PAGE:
Just because I am a list maker doesn’t mean I always have it all together. And just because I check things off the list, on-time, and double-check each list, doesn’t mean I’m able to feel calm and confident. Not when it comes to moving my whole life and family half way around the world it doesn’t. No. Last week, I satisfactorily ticked off items on my list for moving to Vientiane, Laos from Washington DC, USA. This week, I feel nervous and uncertain about every single aspect of our lives that will change.

It’s the things that you can’t tick off of lists, uncontrollable unpredictable things, that throw you out of your comfort zone and force you to surrender to new and different ways of going about the business of everyday life. It all works out in the end, sometimes even for the better. Yet you end up feeling off kilter having to tilt your head sideways to feel balanced while it’s happening. Eventually, life is normalized again and your posture corrects itself. But this takes time.

So what do I do to stay grounded during this period of high anxiety? I try to accomplish the things I CAN do, focus on the things that I have control over. Like my lists. Read on if you’d like to get a sense of my world at the moment, in all it’s wanderlust and jet-setting glamor.

Here’s an update on the status of the most important things to get done within the next four weeks:

  • Lao visa applications submitted – in progress (held up by Lao government bureaucracy)
  • DC-Vientiane tickets purchased – check!
  • Upgrade tickets to business class – praying to our mileage account gods as I type
  • Extra carry-on wheelie bag purchased – check! (also doubles as stroller w/ car seat)
  • Transit hotel in Bangkok booked – check!
  • Movers scheduled for pack out – check!
  • Divide up belongings for: sea, air, and consumables shipments, check-in luggage,
    carry-on luggage – this never gets completely done before movers arrive
  • Purchase consumable goods for shipment – on going
  • Insurance for shipping belongings – big ? (did we do this already in Mexico?)
  • Schedule pick up date for car shipment – check!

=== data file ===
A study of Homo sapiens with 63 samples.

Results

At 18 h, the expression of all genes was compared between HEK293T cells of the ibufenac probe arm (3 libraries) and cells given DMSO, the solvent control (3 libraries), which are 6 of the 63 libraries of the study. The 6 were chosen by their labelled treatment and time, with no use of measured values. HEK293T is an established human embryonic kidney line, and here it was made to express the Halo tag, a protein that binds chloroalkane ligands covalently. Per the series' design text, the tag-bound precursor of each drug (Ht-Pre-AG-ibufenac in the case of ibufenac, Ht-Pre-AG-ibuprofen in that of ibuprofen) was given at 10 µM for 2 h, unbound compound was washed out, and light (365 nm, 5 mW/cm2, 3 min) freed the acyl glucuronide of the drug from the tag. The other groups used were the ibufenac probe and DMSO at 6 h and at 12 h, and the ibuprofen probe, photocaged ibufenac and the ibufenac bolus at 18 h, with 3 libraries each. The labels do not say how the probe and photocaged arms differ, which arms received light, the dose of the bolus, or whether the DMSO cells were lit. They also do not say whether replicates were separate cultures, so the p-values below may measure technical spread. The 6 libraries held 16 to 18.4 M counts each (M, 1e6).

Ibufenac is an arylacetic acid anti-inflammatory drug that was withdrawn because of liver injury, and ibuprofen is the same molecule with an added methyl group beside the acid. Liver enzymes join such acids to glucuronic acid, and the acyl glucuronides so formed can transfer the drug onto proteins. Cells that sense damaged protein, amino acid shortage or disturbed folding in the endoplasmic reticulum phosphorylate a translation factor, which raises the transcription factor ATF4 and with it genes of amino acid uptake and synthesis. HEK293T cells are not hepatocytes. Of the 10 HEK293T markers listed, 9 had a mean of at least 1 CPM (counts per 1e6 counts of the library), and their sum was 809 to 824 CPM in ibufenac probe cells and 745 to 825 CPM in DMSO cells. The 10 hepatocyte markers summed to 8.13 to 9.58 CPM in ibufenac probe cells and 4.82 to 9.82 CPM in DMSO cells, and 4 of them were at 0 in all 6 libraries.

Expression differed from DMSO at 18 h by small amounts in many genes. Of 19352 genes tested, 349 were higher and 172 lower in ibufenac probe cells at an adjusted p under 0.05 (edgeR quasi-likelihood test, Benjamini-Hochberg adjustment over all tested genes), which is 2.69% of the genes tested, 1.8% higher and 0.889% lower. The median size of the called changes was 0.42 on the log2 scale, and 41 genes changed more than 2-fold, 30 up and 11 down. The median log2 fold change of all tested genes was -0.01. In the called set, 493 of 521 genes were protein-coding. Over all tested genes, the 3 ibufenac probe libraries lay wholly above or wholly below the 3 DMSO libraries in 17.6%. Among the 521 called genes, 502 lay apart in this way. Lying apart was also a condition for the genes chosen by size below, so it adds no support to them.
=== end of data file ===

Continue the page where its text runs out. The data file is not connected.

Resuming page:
• Insurance for car shipment – check!
  • Last visit to dentist for everyone – check! (no cavities, yay!)
  • Vaccination shots for everyone – two more to go
  • Change healthcare coverage – pending
  • Housing assignment in Vientiane confirmed – check!

You realize that embedded within this list are sub-lists for each item, right? Yup. Sometimes I think my lists are three-dimensional, not on paper but in my mind. Like a list-sphere that spins around in my head keeping me up at night or causing me to forget to validate my parking ticket at the grocery store or render me incomprehensible in my Lao language class despite ten months of study.

The other thing I try to do to not get lost in the clouds of anxious anticipation is LETTING GO. Most things about moving are really not essential but rather an attempt to preserve our home life and life-style, which I agree is a very important need when living in a foreign country. But when I look really hard at all the little things that need to get done, they all have a lot to do with our material belongings and creature comforts, which, if something goes wrong or doesn’t get done, it will not be the end of the world.

Do I need to pre-purchase everything my children will need for the next two years? No. There are children all over the world surviving on whatever is at hand – but I’ll pack the lead-free crayons and paints if I can for peace of mind.

Do I need to buy all the food stuffs and ingredients that won’t be available in Vientiane to send in our consumables shipment? No. Lao food is absolutely delicious and plentiful – but I’ll buy Chipotle chilies in Adobo sauce and other Mexican flavors that we are sure to miss, as well as holiday and birthday stuff so we can maintain family traditions.

I also need to let go of needing to know or predict everything from how the new preschool will discipline the kids, how I’ll be able to navigate the driving norms of an Asian city, how working with household help always stresses me out at first, how we can stay healthy from tropical diseases and how… and how… and how… ? Stop. Inhale… exhale… and let it go…

Lastly, I take care of the family’s immediate needs and come back down to earth. Yes, those mundane practical things like picking up the house, returning library books, making tonight’s dinner, hanging up the kid’s latest art work. It all grounds me in our life here and now. And it’s all good.

See you all on the other side in July!

How about you? How do you stay grounded during times of major life upheavals?

This is an original post to World Moms Blog by our mother of twins writer, Dee Harlow in Virginia, USA. Later this year, Dee will be writing from Laos. But now and then, can always find her writing on her blog, Wanderlustress.

The photograph used in this post is attributed to the author.

Dee Harlow (Laos)

One of Dee’s earliest memories was flying on a trans-Pacific flight from her birthplace in Bangkok, Thailand, to the United States when she was six years old. Ever since then, it has always felt natural for her to criss-cross the globe. So after growing up in the northeast of the US, her life, her work and her curiosity have taken her to over 32 countries. And it was in the 30th country while serving in the Peace Corps in Uzbekistan that she met her husband. Together they embarked on a career in international humanitarian aid working in refugee camps in Darfur, Sudan, and the tsunami torn coast of Aceh, Indonesia. Dee is now a full-time mother of three-year old twins and continues to criss-cross the globe every two years with her husband who is in the US Foreign Service. They currently live in Vientiane, Laos, and are loving it! You can read about their adventures at Wanderlustress.